Sitting in the room of a now retired Mrs. Fehey (how I remember her name, I do not know) was exhilarating, promising, and, quite simply, fantastic. The joy of learning had not yet been tainted by standardized tests and specialized programs for the academically gifted allowed me to excel in a nurturing environment. Our daily schedule rarely changed and homework could be completed before we even went home for the evening.
Each day would begin with the customary recitation of the Pledge of Allegiance, doubly important considering that every student in the school was the son or daughter of military members both active and retired. The first lesson, which started promptly at 8:05, was a lengthy, albeit necessary, grammar lesson. The use of commas, it turns out, is a sorely misunderstood art; the use of semicolons, even more so.
After grammar, we would roll into science and the theory of everything and how much we did not know before the excruciating task of solving arithmetic would be presented to the class. Two plus two does, in fact, equal four, but not when it doesn't. Two times two also equals four, but this is always the case. It's only with hindsight and several lengthy debates with my younger brother, a Mechanical Engineering student who studied at Purdue, that this has begun to make any semblance of sense.
Finally, after the painful forty-five-minute lesson and an equally painful worksheet, quiz, or whatever it was we were assigned that day, the last lesson of the day would begin: world history.
On one particularly crisp, fall day, the topic of discussion revolved around a funny library in a strangely named city on a far off continent called Africa. The brain child of Ptolemy I Soter was not respected by the barbaric peoples of yore, nor the mindless swarms of our dystopian present, but it was and always has been missed by scholars the world over. Countless stories and tens of thousands of scrolls with unknown ideas lined the shelves of this ancient wonder, all lost to fires set by invaders who didn't understand the grave consequence of their actions. "Just imagine," Mrs. Fehey would say, "how far we would be if we hadn't lost all of it. Imagine how far humanity would have spread by now had we been able to save the technology hidden in those scrolls." To which I ask, "But is it worth it?"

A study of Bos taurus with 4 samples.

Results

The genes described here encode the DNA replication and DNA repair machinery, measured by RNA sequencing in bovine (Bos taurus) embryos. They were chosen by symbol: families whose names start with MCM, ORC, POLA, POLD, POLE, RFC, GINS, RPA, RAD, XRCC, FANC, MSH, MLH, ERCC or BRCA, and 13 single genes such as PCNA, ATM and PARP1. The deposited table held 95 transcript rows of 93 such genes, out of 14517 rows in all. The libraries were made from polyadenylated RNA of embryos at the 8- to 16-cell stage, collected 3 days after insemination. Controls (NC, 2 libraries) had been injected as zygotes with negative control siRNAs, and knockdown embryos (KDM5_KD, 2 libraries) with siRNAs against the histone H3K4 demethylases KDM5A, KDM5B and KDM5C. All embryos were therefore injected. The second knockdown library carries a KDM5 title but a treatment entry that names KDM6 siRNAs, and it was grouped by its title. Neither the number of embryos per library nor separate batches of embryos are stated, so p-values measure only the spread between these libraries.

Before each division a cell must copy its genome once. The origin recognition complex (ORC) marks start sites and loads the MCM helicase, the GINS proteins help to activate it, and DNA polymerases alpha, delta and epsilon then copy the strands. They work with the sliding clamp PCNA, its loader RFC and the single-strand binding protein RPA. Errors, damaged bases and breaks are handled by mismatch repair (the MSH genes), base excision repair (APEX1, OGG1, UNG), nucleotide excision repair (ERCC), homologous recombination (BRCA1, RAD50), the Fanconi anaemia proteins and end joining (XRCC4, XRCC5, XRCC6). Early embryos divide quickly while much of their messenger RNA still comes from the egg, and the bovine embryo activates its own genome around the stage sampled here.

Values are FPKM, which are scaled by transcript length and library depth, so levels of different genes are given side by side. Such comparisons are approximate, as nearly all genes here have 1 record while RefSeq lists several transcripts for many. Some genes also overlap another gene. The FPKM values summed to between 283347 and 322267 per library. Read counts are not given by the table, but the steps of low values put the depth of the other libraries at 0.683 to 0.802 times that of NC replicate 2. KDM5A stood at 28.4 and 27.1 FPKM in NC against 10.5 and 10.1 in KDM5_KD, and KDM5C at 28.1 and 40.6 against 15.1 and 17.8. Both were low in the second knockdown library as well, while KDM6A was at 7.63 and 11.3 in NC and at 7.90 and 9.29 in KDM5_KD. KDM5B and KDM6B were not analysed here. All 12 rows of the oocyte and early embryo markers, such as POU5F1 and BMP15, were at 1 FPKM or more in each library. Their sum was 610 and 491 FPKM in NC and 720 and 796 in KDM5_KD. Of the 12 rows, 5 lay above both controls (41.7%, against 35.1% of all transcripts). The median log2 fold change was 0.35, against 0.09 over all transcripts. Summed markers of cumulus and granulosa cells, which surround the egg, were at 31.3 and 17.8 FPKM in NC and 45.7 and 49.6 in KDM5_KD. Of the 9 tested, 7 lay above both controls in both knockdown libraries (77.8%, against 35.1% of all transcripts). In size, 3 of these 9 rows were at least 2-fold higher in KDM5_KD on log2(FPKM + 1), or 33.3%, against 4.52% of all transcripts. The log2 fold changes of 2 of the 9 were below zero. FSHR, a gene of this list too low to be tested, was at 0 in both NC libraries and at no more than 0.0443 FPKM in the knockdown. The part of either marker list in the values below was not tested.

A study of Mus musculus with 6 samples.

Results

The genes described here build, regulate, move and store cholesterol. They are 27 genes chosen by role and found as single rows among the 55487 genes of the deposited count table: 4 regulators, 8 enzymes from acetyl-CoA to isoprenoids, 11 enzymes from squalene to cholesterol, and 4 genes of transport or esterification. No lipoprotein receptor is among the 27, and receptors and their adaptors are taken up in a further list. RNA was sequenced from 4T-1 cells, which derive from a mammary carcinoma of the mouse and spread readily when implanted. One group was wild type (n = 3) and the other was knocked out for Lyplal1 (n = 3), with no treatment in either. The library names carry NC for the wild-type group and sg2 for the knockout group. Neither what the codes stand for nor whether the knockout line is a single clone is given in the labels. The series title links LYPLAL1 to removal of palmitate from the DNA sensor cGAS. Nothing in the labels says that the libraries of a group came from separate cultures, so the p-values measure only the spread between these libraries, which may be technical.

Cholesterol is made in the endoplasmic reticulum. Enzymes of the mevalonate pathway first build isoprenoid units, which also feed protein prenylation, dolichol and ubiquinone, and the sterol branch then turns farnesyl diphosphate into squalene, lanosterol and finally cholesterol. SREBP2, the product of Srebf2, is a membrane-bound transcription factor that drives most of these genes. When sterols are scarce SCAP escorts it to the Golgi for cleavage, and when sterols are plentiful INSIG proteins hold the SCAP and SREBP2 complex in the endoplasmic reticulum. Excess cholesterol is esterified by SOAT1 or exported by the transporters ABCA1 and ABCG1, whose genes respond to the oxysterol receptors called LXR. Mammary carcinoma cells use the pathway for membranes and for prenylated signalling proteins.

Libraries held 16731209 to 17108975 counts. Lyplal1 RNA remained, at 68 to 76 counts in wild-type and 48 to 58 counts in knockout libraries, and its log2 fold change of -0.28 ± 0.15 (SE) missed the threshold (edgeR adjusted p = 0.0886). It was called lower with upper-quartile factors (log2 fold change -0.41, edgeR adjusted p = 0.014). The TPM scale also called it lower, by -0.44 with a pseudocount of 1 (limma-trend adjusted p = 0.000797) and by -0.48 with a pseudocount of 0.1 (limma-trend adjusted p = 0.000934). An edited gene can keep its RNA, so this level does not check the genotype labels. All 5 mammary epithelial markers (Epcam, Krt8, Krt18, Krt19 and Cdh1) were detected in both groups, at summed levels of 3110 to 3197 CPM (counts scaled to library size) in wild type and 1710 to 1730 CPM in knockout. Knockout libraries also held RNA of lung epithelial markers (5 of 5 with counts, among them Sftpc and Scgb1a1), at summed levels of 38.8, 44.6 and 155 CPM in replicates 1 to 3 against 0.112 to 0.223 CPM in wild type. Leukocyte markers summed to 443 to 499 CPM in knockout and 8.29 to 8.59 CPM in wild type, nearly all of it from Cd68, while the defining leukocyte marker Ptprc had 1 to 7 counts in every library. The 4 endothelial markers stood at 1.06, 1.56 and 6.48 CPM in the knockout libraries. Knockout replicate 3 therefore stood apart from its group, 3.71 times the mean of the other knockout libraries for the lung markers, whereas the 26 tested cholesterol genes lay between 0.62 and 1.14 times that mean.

I think about it more often this is considered sane. The whole, "Where would we be?" question. I believe people are a little too idealistic, citing this advancement and that social progress and the idea that we would have achieved all of this hundreds, if not thousands, of years ago had we been able to keep the Library of Alexandria. But it's all a little optimistic, don't you think? Humans are terrible creatures who don't care about one another as much as they should. Take away roughly fifteen-hundred years of time for our culture to adapt and things look a little grim.
A story game that I loved during my early teens told of a future, a galactic human civilization which waged war on numerous races and in numerous systems for the seemingly benign, yet simply horrific, notion of a greater good. Men and women and children died by the millions in this horrific future because a man played god long enough to fool people into doing his bidding. Had humanity attained space flight during the height of the Inquisition, I have no doubt this would be our current fate.
Thankfully, today is not so dystopian. Though it's still relatively wretched. Today we're fighting a war we thought we had won twice over against both Fascists and Separatists. Today, there is a so-called 'discussion' about the humanity of people who aren't white or straight or male. Today... far right thinkers abhor the progress of their counterparts while simultaneously glorifying Star Trek as a shining example of what civilization should be. Today we struggle to care for children, claiming undue financial burdens, but demand 13-year-olds carry babies to term because of books no one actually reads.
So why should I expect the ones from Egypt over two millennia ago would be of any significance to the selectively blind?